In feeding others, Diocese’s seminarian finds added perspective on vocation

January 7, 2021 at 5:19 p.m.
In feeding others, Diocese’s seminarian finds added perspective on vocation
In feeding others, Diocese’s seminarian finds added perspective on vocation

Mary Stadnyk

“An eye-opening experience.”

That’s how Adam Johnson, a seminarian from the Trenton Diocese, described the four hours he and 15 fellow seminarians from the College Division in St. Charles Borromeo Seminary, Wynnewood, Pa., recently spent performing works of service to help people in need at Caring for Friends in Northeast Philadelphia. 

While community service has been a longstanding element of the seminarians’ formation process, changes were made to this year’s approach because of the COVID-19 pandemic. At Caring for Friends, Johnson said the seminarians, which included four others from the Trenton Diocese, were tasked with sorting through more than 10 pallets of donated food and then assembling meals for needy families in the Philadelphia area.

Other duties found the seminarians working in the kitchen and preparing “single serve” meals for senior citizens who could not cook for themselves as well as packaging dry food products to be delivered to the homeless. 

During their shift, Johnson estimated that the seminarians made from 500 to 700 meals and packaged about 500 boxes of dry food items. 

“I truly did not know how many people were in need of basic necessities such as food,” said Johnson, who is in 4th College. The outreach “really put into perspective of what is truly important to the Catholic faith – to help one another.” 

The experience also gave him an added perspective about his vocation to priesthood.  “Being a priest to me means that we are there to help people who are in very different situations, and to show them the compassion and love that Jesus has for them,” Johnson said. “Working here also taught me the vast importance of community outreach and how an idea of serving people food can make such a different in so many lives.”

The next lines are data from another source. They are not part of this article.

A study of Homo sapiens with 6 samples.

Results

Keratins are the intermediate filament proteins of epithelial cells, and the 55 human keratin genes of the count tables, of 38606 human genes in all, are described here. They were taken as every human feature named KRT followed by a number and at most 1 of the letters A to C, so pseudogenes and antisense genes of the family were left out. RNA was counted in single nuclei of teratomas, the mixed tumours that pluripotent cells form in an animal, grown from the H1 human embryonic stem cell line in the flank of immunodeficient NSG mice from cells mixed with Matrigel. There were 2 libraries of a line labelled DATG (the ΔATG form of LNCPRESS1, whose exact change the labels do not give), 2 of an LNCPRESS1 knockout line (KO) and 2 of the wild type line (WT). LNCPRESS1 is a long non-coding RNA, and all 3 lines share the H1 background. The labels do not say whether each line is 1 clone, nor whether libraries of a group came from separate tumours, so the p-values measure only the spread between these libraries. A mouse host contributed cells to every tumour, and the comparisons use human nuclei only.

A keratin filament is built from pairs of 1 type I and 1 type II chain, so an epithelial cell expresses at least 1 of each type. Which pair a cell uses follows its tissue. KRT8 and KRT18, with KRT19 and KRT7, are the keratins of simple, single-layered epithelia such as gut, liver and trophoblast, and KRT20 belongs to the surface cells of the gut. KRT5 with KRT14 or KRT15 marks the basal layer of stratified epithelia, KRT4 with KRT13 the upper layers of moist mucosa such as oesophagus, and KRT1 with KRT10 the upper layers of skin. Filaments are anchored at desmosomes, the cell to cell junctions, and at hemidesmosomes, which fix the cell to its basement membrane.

That’s how Adam Johnson, a seminarian from the Trenton Diocese, described the four hours he and 15 fellow seminarians from the College Division in St. Charles Borromeo Seminary, Wynnewood, Pa., recently spent performing works of service to help people in need at Caring for Friends in Northeast Philadelphia. 

While community service has been a longstanding element of the seminarians’ formation process, changes were made to this year’s approach because of the COVID-19 pandemic. At Caring for Friends, Johnson said the seminarians, which included four others from the Trenton Diocese, were tasked with sorting through more than 10 pallets of donated food and then assembling meals for needy families in the Philadelphia area.

Other duties found the seminarians working in the kitchen and preparing “single serve” meals for senior citizens who could not cook for themselves as well as packaging dry food products to be delivered to the homeless. 

During their shift, Johnson estimated that the seminarians made from 500 to 700 meals and packaged about 500 boxes of dry food items. 

“I truly did not know how many people were in need of basic necessities such as food,” said Johnson, who is in 4th College. The outreach “really put into perspective of what is truly important to the Catholic faith – to help one another.” 

The experience also gave him an added perspective about his vocation to priesthood.  “Being a priest to me means that we are there to help people who are in very different situations, and to show them the compassion and love that Jesus has for them,” Johnson said. “Working here also taught me the vast importance of community outreach and how an idea of serving people food can make such a different in so many lives.”